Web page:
First Fleet Collection (Natural History Museum, London)
The “First Fleet” collection from the Natural History Museum, London, was digitized with the support of the Andrew W. Mellon Foundation, and selections are represented in the Artstor Digital Library with 600 images, depicting a variety of landscapes, wildlife, aboriginal people, and events from the early history of the colony in New South Wales.
The Natural History Museum was founded in 1881, though it dates back to the 18th century gift of Sir Hans Sloane (1660-1753), a large collection of natural specimens which was initially housed in the British Museum. Over time, collections were added, such as those amassed by Sir Joseph Banks (1743-1820) during his 1768 voyage to the South Pacific with Captain James Cook on the HMS Endeavour. Banks was an explorer, naturalist, and champion of British colonization of New South Wales, Australia, who urged his government to establish a penal settlement in Botany Bay, where Cook had made landfall in 1768. Eventually, on May 13, 1787, 11 ships set sail from Portsmouth, England to found a colony with the labor of 780 convicts. This “First Fleet” arrived in Botany Bay months later, eventually making a permanent landing in Port Jackson (now Sydney).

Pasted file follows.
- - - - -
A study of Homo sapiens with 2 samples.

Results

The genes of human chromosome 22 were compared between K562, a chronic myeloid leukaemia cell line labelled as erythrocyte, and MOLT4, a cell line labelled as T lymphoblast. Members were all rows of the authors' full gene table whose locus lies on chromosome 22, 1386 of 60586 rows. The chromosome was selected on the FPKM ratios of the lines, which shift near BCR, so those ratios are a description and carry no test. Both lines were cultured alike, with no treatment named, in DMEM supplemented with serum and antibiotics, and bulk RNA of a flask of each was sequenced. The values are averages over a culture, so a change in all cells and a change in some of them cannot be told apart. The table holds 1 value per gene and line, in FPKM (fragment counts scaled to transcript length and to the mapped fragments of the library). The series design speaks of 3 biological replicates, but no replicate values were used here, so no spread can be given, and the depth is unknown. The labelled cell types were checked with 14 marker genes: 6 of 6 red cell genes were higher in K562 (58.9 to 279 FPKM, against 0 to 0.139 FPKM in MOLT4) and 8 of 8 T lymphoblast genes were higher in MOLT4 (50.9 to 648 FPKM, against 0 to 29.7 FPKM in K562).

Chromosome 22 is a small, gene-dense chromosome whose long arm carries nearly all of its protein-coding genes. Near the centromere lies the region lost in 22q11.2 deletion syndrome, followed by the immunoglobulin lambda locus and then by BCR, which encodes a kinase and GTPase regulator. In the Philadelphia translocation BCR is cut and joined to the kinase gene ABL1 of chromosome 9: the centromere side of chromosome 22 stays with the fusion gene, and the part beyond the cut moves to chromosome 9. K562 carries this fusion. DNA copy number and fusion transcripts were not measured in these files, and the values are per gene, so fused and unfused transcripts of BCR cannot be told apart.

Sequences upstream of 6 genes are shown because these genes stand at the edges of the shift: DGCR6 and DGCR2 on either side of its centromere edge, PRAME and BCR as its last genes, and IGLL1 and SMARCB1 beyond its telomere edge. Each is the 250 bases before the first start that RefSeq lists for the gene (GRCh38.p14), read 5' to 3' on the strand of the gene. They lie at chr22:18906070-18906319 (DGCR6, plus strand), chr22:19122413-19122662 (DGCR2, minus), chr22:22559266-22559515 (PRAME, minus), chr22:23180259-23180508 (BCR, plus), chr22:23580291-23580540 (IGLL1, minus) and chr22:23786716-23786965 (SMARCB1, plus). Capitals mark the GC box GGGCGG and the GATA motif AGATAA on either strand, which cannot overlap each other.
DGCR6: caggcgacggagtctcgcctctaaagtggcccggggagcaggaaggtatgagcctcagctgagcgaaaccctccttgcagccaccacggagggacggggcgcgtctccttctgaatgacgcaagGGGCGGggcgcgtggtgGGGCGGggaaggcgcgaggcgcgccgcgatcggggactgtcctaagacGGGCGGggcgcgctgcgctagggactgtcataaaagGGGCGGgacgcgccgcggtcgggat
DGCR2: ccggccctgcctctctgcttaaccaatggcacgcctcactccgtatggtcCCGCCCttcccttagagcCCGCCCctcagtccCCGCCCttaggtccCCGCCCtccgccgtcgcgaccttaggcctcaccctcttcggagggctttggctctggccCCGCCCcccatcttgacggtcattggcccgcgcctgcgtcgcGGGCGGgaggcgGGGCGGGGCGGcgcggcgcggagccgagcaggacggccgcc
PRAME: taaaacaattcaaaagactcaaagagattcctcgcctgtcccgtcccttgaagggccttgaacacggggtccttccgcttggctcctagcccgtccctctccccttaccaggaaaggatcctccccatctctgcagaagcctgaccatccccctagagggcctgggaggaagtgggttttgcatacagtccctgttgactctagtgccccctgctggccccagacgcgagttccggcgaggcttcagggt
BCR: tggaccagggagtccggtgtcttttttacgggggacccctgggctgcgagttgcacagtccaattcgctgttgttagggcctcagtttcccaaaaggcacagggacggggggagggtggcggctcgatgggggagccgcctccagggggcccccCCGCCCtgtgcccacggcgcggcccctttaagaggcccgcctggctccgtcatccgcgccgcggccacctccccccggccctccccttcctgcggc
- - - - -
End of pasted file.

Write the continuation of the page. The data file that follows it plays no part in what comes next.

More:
The museum’s “First Fleet” Collection is made up of drawings and watercolors, documenting the native landscapes, flora, fauna, and people, produced by members of the expedition. George Raper (1769-1797) was a midshipman, who sailed on the HMS Sirius, flagship of the “First Fleet.” Thomas Watling (b. 1762) was a trained artist and convicted forger of banknotes, whose watercolors make up the bulk of the collection. Finally, there is the Port Jackson Painter, whose oeuvre probably includes the works of 2 or 3 different unknown artists, with some works produced in situ, and others probably created from specimens that had been brought back to England. This particular set of watercolors was originally part of Banks’ private library, and was included in his larger bequest to the museum.
Many of the drawings of plants, birds, mammals, fish, reptiles, arthropods, and mollusks are iconotypes, meaning that the original specimen on which the drawing is based has been lost or destroyed. In some cases, the watercolor represents the only known record of a species for which no specimen has survived. Similarly, the ethnographic images depict the aboriginal people of the Port Jackson area (known as the Eora), who were extinct within 20 years of the first landing. Whether killed outright by the settlers, or by diseases that they brought with them, the only record of the Eora are the watercolors that portray their tools, customs, and activities, as well as named individuals and family groups.